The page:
November 10
03:35 2010

NEW DELHI: Chinese and American military aid to Pakistan will “adversely impact” India’s national security and there are “clear signs” that Beijing will not allow New Delhi to play a greater role in Asia and global affairs, former National Security Adviser Brajesh Mishra said here.

“There are clear signs that China will not allow India to play a greater role in Asia and global affairs. It is for this reason that ‘all-weather relationship’ between China and Pakistan has evolved into a virtual military alliance,” Mishra said at the national security seminar organized by United Service Institutions of India (USI).

His inaugural address was read out in absentia.

“The irony is that the American policy in Af-Pak region, which includes a largesse of billions of dollars and military equipment including F-16 (fighter) aircraft, has the same adverse impact on our national security as China’s assistance to Pakistan,” he said.

His comments come close on the heels of Army Chief General V K Singh’s comments that India was “not sure” of China’s intentions for building infrastructure and military strength on the borders.

Mishra said China’s intentions to not let India play its role in the region and the world was “clear” from the changed attitude on Jammu and Kashmir, construction of roads and rail system to Gwadar port, executing projects in Pakistan-Occupied Kashmir (POK), the new nuclear deal, and supply of defense equipment to Pakistan.

“All this (is) meant to keep India embroiled with Pakistan, so that India is unable to play a significant role outside South Asia,” he added.

China has recently denied visas to an Indian Army Commander from Jammu and Kashmir and issued stapled visas to residents of the border state, apart from building reliable road and railway system to Gwadar port and executing infrastructure projects in Pakistan-Occupied Kashmir (POK).

Mishra said, one of China’s miscalculations and strategic error was transfer of nuclear technology to Pakistan which encouraged India to build its own nuclear weapons.

“But China was so convinced that India was building nuclear weapons that it helped Pakistan build nuclear weapons, forcing India to start its nuclear weapons program,” he added.

The former NSA said even after US President Barack Obama’s “great speeches” during his just concluded visit to India, the content of the strategic partnership between the two countries “benefits” the US more than India.

“All the business deals done, the lifting of sanctions on the Entity List, giving us more defense equipments we require urgently, like the other business deals, benefits US in a commercial way,” he noted.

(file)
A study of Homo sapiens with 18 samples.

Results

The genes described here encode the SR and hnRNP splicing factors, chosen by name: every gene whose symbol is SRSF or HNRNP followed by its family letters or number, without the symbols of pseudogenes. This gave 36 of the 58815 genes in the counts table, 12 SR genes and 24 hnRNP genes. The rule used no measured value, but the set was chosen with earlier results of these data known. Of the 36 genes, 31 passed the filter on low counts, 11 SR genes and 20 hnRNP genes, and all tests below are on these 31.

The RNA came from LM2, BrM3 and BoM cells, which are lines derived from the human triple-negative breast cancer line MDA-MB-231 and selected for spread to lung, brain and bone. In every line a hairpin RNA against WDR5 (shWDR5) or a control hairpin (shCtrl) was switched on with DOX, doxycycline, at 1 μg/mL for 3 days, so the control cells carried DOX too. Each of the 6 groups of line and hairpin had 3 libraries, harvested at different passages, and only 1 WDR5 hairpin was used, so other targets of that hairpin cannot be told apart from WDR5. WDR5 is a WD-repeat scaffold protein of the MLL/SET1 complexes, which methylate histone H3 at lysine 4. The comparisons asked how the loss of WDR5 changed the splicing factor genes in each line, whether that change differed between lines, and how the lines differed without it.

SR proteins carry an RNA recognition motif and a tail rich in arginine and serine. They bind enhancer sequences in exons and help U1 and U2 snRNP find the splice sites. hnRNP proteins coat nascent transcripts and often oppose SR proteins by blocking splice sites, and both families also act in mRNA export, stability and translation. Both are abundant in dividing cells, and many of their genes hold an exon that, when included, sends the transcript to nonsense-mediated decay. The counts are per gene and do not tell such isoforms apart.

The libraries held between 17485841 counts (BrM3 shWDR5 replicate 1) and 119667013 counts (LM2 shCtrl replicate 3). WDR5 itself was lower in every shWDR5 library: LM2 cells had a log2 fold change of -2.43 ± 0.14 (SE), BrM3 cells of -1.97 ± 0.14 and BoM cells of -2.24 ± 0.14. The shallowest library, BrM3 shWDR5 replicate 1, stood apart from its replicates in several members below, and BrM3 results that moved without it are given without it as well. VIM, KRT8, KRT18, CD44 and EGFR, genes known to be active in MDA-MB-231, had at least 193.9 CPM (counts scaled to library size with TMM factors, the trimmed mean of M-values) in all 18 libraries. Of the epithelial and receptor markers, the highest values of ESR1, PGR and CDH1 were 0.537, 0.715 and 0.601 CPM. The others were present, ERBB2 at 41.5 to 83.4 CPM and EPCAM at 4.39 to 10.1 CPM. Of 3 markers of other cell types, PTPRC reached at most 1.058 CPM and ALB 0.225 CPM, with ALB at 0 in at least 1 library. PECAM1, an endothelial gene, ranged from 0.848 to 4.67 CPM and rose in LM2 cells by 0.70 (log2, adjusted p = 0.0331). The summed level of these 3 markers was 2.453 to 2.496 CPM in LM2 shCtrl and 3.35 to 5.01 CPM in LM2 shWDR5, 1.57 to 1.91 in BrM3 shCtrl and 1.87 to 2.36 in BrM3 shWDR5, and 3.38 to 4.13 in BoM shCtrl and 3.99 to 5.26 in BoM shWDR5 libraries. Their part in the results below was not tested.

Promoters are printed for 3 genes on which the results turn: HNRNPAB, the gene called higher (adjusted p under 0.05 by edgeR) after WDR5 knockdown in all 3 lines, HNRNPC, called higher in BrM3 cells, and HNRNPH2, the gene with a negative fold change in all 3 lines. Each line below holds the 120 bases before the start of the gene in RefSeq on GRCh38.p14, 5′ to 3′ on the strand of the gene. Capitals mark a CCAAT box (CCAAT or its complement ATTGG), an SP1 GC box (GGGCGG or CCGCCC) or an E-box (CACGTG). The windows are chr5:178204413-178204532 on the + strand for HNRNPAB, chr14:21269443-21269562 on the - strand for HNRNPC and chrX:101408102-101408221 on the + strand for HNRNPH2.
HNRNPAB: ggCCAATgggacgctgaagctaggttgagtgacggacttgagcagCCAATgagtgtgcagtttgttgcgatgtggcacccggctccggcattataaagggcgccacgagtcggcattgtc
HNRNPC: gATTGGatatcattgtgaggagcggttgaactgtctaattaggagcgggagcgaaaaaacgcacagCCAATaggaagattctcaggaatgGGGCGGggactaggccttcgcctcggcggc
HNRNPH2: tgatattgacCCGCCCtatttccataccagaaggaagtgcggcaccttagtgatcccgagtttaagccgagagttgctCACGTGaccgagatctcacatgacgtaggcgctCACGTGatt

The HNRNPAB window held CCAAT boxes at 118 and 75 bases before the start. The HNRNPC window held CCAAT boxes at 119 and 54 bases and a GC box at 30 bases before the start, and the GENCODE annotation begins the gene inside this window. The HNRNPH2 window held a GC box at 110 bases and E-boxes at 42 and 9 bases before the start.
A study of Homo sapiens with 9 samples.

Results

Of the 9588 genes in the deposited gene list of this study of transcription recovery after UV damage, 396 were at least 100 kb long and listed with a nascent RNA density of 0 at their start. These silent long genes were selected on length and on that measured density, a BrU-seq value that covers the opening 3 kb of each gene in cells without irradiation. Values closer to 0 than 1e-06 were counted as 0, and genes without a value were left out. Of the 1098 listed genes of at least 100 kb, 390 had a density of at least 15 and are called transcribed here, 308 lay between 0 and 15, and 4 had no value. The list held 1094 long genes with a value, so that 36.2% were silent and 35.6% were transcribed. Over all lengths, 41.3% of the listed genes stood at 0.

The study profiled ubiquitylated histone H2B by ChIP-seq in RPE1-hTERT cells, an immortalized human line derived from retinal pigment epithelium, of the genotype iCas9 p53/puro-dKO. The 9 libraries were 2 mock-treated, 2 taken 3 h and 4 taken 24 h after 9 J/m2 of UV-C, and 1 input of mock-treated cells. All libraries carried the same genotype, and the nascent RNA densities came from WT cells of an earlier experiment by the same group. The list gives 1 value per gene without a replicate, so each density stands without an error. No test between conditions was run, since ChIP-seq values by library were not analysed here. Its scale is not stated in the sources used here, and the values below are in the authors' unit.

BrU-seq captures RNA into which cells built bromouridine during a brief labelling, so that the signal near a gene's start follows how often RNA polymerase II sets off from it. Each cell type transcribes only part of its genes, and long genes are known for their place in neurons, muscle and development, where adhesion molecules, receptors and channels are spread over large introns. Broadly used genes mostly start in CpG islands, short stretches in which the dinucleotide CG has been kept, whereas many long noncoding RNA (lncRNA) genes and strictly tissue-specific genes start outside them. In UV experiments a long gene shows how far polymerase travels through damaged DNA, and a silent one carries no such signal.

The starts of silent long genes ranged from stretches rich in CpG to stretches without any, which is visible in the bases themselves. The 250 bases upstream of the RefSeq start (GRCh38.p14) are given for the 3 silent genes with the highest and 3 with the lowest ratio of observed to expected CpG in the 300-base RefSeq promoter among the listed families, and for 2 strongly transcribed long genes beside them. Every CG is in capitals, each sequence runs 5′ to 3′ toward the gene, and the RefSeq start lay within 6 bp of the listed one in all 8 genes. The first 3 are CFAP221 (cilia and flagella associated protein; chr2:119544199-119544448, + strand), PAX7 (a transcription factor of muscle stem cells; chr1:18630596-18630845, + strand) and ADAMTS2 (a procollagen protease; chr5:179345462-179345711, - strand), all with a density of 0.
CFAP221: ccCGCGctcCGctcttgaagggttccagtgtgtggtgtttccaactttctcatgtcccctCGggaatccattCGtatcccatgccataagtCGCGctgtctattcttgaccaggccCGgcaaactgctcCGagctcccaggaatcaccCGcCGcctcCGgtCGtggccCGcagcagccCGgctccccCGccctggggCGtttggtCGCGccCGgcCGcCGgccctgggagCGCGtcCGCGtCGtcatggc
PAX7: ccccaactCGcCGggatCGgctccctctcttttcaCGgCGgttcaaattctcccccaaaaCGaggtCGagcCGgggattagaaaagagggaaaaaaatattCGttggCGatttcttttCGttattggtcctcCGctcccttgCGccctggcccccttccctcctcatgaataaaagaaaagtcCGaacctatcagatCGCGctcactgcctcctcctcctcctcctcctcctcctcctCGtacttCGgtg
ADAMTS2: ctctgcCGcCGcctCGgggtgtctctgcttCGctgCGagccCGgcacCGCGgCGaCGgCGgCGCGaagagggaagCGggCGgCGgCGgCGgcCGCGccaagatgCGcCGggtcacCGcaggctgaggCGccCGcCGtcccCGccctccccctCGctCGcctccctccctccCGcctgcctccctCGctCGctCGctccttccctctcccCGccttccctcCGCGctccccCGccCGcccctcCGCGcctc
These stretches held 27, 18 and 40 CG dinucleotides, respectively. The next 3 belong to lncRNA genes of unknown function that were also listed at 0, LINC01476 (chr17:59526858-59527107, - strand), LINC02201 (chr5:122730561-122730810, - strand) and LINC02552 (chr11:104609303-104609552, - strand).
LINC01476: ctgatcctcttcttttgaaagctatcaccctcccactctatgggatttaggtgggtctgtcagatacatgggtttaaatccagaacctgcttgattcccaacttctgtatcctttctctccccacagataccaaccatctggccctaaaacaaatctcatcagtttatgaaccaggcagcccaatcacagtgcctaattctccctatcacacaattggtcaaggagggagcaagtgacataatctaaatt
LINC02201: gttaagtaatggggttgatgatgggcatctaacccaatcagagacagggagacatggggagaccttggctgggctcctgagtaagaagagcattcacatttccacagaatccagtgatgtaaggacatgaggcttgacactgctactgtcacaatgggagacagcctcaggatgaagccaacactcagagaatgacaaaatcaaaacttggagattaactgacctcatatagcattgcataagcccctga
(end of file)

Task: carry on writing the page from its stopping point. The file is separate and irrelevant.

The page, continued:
However, Mishra said the visits of Obama, following the coming visits by Chinese Premier Wen Jiabao and that of state heads of Russia, France and United Kingdom “in the same year” did say “a lot about India, about our position in global affairs.”

“But, before congratulating ourselves too much,” Mishra said, the condition of the global affairs today should be “carefully examined, for it is traversing through a period of instability and we cannot say for sure for how long this period of instability will last.”

The reason for instability, he said, lay in the transition of global power that is currently underway — relative decline of US, but more importantly China’s rise.

“The US economy was roughly half the world’s economy in 1945 and has gradually declined from that position to roughly 20 per cent today. Add to that decline the misadventure in Iraq and now the decision to withdraw from Afghanistan without fulfilling the tasks of decisively defeating the Taliban and al-Qaeda.

“What is clearly much more dramatic has been the rise of China over the last two decades. China’s rise clearly is going to impact not just its neighbors in Asia, but the entire world,” he said.

Mishra said great power always sought to dominate their neighborhoods and the rest of the world and there was nothing peculiarly Chinese about it. But China’s rise “is likely to be problematic, tense and destabilizing as that of any other power,” he added.

Though a number of scholars had asserted that China’s rise would be unlike that of other powers and that it would be peaceful, Mishra said, “Much of this is frankly bunkum. And China’s behavior in the region over the last year provides sufficient proof.”

“My sense is that China’s rise will be much like that of other great powers in the past, no more destabilizing but certainly no less so,” he added.

Pointing out that there “is a great deal of concern” about China’s rise and the driving ambition to be the number one in the world, the former NSA said there were five dangers that accompany this phenomenon, of which two were general in nature and the rest three specific to China.

“Similarly, some are dangers we (the world) cannot do very much about. But some dangers can be managed better, especially if China is careful.”

The two general dangers lay in the process of transition itself and the kind of global system the world ended up with.

The China-specific dangers were its hyper-Realist view tending to see the world as an arena of power competition, role of Chinese nationalism, and the secrecy and opacity surrounding the Asian giant’s national security policies and military plans.